Thunberg’s lespedeza is a large, nonwoody perennial shrub often cultivated as a showy, flowering ornamental or on roadsides. Leaves are alternate, compound with 3 leaflets, spirally arranged on stem; each leaflet 2 inches long, linear to elliptical; dull medium green. Flowers showy, pink to rose purple, each flower ½ inch wide, in the typical pea-family configuration. Flowers many, in upright, long, curving racemes 3–6 inches long. Blooms August–October. Fruit black seeds formed singly in a legume pod, maturing in late fall.
Common Name Synonyms
Thunberg Bushclover; Shrub Lespedeza
Height: 8 feet; spread: 8 feet.
Where To Find
Scattered statewide, in cultivation.
A nonwoody shrub, it dies back to the ground every winter. People who cultivate it typically trim it to the ground in late winter or early spring. It tolerates drought and erosion and will grow on very harsh sites in average soil and full sun.
This plant, introduced from Asia, has been used for erosion control in road construction. Its arching, fountainlike habit and often spectacular late summer blooms make it a popular landscaping shrub for sunny areas. It can reseed itself and also forms new plants where stems touch the ground.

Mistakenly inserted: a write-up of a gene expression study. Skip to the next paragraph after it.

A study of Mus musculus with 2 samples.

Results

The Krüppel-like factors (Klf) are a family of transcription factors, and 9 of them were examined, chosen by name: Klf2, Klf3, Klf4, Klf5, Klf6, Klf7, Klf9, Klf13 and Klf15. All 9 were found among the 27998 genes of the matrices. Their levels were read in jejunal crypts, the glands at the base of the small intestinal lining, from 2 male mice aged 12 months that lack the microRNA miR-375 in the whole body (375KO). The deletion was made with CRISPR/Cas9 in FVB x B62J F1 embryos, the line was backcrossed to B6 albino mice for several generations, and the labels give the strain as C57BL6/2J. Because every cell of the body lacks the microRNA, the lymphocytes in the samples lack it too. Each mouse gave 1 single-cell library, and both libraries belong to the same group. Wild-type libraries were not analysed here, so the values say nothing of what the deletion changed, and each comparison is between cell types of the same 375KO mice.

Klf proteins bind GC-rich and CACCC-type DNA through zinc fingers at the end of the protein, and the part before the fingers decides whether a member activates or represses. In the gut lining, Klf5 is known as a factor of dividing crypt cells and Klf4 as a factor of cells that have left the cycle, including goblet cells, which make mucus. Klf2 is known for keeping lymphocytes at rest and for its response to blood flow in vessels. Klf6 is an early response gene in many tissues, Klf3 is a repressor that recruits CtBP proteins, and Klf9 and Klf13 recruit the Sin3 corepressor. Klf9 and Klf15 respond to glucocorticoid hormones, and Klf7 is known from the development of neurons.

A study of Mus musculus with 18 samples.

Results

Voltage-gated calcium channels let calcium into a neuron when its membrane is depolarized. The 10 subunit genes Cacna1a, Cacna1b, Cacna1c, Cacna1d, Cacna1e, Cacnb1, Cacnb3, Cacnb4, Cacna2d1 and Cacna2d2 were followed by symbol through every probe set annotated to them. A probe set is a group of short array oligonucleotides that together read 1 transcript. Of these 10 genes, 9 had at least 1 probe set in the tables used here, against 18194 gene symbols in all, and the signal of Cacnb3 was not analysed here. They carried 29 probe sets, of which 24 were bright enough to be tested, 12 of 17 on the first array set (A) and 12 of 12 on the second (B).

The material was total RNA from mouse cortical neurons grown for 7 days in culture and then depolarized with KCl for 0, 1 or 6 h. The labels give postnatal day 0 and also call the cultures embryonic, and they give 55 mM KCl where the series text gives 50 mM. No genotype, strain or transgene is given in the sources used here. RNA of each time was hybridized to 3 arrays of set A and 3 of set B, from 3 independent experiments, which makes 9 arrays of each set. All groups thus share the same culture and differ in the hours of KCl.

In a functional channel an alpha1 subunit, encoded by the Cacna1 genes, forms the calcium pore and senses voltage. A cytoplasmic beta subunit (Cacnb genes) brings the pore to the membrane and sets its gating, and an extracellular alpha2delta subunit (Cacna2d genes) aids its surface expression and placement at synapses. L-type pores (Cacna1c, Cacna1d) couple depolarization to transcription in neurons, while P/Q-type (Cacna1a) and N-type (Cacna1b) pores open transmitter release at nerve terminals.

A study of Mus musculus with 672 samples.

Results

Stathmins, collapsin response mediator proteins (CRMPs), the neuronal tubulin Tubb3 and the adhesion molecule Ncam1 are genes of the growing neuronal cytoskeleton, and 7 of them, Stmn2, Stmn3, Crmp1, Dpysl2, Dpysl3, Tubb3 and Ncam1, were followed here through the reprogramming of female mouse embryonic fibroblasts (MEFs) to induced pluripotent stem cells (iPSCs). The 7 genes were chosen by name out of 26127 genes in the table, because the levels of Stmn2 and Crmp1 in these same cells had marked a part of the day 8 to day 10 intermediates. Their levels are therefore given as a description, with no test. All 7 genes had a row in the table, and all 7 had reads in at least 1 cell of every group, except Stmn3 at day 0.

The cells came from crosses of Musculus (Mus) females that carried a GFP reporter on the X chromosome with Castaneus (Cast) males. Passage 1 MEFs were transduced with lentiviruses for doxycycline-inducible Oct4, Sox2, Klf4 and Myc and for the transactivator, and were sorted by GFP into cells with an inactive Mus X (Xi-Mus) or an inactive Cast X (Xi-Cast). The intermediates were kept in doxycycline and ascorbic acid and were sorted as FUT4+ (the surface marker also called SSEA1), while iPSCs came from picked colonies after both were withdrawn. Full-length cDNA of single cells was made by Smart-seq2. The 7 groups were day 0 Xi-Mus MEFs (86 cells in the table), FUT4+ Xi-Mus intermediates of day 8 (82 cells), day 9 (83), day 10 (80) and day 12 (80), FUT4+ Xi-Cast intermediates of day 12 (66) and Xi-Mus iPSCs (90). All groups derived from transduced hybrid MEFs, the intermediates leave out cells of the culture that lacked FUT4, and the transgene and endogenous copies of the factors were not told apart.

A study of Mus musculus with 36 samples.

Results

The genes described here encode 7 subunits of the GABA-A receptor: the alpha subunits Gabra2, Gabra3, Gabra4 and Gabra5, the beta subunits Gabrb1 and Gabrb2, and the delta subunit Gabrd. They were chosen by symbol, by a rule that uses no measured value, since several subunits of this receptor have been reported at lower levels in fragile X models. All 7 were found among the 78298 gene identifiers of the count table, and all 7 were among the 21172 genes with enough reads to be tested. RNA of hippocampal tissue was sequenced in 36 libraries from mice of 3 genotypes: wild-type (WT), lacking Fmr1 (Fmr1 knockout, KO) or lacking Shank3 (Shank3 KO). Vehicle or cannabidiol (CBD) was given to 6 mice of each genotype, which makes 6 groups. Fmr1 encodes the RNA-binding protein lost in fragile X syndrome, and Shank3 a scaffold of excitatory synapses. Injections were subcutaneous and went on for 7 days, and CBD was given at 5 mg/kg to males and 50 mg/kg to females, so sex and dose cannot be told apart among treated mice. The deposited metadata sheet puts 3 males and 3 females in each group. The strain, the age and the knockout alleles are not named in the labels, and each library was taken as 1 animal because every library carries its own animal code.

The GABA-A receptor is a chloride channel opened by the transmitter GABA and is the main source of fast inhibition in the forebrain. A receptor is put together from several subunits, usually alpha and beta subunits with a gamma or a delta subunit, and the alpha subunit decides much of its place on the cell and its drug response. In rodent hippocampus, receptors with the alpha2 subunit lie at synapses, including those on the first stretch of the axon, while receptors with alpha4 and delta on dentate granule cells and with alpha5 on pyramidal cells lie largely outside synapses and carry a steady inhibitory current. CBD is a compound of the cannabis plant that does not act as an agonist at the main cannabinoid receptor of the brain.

As with many other exotic imported plants that can naturalize, this plant can become weedy in some areas. In New Jersey, it has been declared an invasive plant. This is one reason we encourage people to use native plants in landscaping.
About Wildflowers, Grasses and Other Nonwoody Plants in Missouri
A very simple way of thinking about the green world is to divide the vascular plants into two groups: woody and nonwoody (or herbaceous). But this is an artificial division; many plant families include some species that are woody and some that are not. The diversity of nonwoody vascular plants is staggering! Think of all the ferns, grasses, sedges, lilies, peas, sunflowers, nightshades, milkweeds, mustards, mints, and mallows — weeds and wildflowers — and many more!